Update: Voters Pass Two Hazel Park School District Millage Proposals
Stay tuned to Ferndale Patch for more information and results from Tuesday's election.
12:30 a.m.: A total of 3,842 ballots were cast in Ferndale on Tuesday for a total voter turnout of 23.79 percent, according to the Ferndale City Clerk's Office.
Voters approved two millage proposals for the Hazel Park School District, which includes Ferndale residents in Precinct 6 and Precinct 7.
The $8 million bond for athletic, technology and building upgrades passed with 57.69 percent of the vote, and a $1.5 million emergency repair fund passed with 57.49 percent of votes. Read the full proposals here.
The DIA millage also passed in Macomb, Oakland and Wayne counties on Tuesday. Tri-county voters approved a tax of 0.2 mills for the next 10 years to fund the arts authority.
In Ferndale, 79.87 percent of voters supported the DIA millage, according to data from the city clerk's office.
All results are unofficial until confirmed by the clerk's office. Stay tuned to Ferndale Patch for more information and results from Tuesday's election.
8 p.m.: The polls have closed. Stay tuned for results.
5:30 p.m.: Several voters in Ferndale said the DIA millage issue was a top reason for coming out to the polls on Tuesday.
Anne Simonetti, a Ferndale resident and co-owner of Green Daffodil Studio, said supporting the DIA was the most important issue to her on the ballot today. "We've been members for years," she said.
Ray Crucet, of Ferndale, also said the DIA was most important to him. "It's a local treasure and I don't want to see it underfunded," he said.
Leslie Maeder-Knopf, of Ferndale, and her two daughters were campaigning outside the Kulick Center in support of the DIA millage. She said the response has been positive. "Most people say, 'Keep the flyer,'" she said. "It's an automatic yes [vote]."
"To have the DIA disappear would be a shame," she said.
Maeder-Knopf said having her young children with her was representative of why the millage is so important. "It's for the kids too, so it's around for them," she said, pointing out that her girls have started sketching when they visit the institute.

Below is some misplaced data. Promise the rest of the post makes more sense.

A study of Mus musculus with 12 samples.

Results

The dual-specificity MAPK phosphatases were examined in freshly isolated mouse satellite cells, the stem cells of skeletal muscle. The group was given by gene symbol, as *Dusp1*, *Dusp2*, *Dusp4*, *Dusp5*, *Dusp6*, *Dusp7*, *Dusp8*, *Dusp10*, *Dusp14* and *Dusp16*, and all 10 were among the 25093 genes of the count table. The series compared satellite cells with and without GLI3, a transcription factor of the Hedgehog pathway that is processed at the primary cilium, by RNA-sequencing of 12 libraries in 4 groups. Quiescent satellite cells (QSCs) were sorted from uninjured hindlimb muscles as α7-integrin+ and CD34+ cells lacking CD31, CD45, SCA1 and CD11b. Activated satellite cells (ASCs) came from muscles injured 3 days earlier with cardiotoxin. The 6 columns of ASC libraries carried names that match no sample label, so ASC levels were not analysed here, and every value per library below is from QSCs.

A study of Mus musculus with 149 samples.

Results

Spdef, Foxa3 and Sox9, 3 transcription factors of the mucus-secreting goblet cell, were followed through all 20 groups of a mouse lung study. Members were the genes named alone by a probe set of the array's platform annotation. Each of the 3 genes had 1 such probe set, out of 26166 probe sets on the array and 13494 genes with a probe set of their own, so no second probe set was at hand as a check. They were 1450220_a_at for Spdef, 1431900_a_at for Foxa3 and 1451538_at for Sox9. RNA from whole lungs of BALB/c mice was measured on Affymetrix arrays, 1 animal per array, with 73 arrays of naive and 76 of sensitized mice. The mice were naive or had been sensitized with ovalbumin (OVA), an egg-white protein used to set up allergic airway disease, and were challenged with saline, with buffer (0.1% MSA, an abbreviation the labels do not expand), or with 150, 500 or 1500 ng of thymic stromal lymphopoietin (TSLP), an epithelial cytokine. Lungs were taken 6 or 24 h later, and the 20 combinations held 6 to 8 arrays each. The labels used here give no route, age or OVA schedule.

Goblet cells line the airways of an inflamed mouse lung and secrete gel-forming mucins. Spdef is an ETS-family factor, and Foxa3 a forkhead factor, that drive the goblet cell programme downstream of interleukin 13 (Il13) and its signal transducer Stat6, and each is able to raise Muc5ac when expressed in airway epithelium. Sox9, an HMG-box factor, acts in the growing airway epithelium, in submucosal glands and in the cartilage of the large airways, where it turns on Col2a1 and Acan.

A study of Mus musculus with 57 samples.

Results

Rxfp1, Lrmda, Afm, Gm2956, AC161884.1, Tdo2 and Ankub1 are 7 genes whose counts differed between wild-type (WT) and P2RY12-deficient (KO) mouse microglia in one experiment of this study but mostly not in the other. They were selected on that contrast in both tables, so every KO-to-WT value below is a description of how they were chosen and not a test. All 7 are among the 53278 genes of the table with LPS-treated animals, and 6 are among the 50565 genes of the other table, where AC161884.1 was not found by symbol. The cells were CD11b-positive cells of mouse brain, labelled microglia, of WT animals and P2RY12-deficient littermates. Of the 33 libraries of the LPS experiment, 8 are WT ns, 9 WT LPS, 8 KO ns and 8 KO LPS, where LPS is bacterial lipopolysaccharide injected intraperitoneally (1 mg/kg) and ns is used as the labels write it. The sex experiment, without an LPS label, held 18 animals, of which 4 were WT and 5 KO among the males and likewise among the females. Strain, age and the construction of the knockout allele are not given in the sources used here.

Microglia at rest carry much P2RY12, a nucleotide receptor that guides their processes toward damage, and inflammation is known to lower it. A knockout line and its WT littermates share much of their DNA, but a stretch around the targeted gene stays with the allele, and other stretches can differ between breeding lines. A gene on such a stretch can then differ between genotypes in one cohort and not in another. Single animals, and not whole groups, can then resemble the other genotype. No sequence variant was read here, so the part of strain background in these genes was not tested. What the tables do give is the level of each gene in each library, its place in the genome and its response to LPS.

Phil Lombard and Becky Hammond, of Ferndale, rode their bikes to the Kulick Center on Tuesday afternoon to vote. Hammond said the DIA millage, which she supports, was initially the main reason she wanted to come out to vote.
"It's important to have it there," she said of the DIA.
She said she also wanted to vote for Oakland County Water Resources Commissioner.
2:30 p.m.: Oakland County Commission candidate Craig Covey campaigned with several volunteers outside Precincts 2 and 4 at Burton Elementary School in Huntington Woods earlier today.
Covey said he also had volunteers stationed in Hazel Park, Ferndale and Royal Oak Township.
Covey, who was elected to the commission 2 years ago, is pitted against fellow incumbent Helaine Zack of Huntington Woods, with whom he said he has a good relationship.
"We both told each other at the very beginning that neither of us would engage in any negativity," he said. "She used the word 'icky.' I used the word 'unfortunate.' "
Covey and Zack currently serve on the commission but, due to redistricting, are competing to represent the new 18th district, which includes Huntington Woods, Hazel Park, Oak Park, Royal Oak Township and Ferndale.
"We should not have to run against each other," Covey said. "My opponent is not the bad guy here. ... At the eleventh hour – more like 11:45 – the Republicans in Oakland County under (Executive L. Brooks Patterson) and (Clerk Bill Bullard) got with their henchmen up in Lansing and redrew the lines to get rid of two Democrats."
Covey noted that the county has been Republican-controlled for decades, but said Democrats "try to have relevance and impact."
Steven Zimberg of Huntington Woods is running for the commission on the Republican side of the ballot.
12:30 p.m.: Ferndale City Clerk Cherilynn Tallman said election day was going smoothly in Ferndale, with the exception of some voters who have been confused over not being able to vote a split ticket.
The primary ballot does not allow residents to cross-vote, as many are used to doing in November.
Within the partisan section of the ballot, which includes congressional, legislative and county offices, voters may only vote for candidates in one party. Votes across party lines will void this section of the ballot.
"[Voters] get confused about the fact they can't cross-vote," Tallman said.
She said some voters have taken their frustration about the issue out on election inspectors.
"I would like to encourage people to be respectful," Tallman said. "My inspectors are just doing what the state requires them to do."
Tallman said voter turnout is expected to be about 20 to 25 percent.
"It's been constant," she said.
Julie Adams, of Ferndale, voted at Kulick and said she felt strongly about supporting the DIA millage. "The art institute was the most important to me," she said.
Ferndale resident Marcia Alther also felt strongly about the DIA proposal and she wanted to support the SMART millage. "The most important thing for me was the DIA and the SMART bus. That's the main reason why I came out," she said. "I know people that they have no other way to get to work [other than the bus]."
8 a.m.: The polls opened at 7 a.m. Tuesday – primary Election Day – and Ferndale Patch will provide updates throughout the day, as well as results on a host of races and ballot issues after the polls close at 8 p.m
- To find out about polling locations and what's on the ballot, check out our Ferndale Primary Election Guide 2012.
- If you'd like to view a sample ballot, use this handy tool: Find Your Primary Ballot Before You Hit the Polls in Michigan.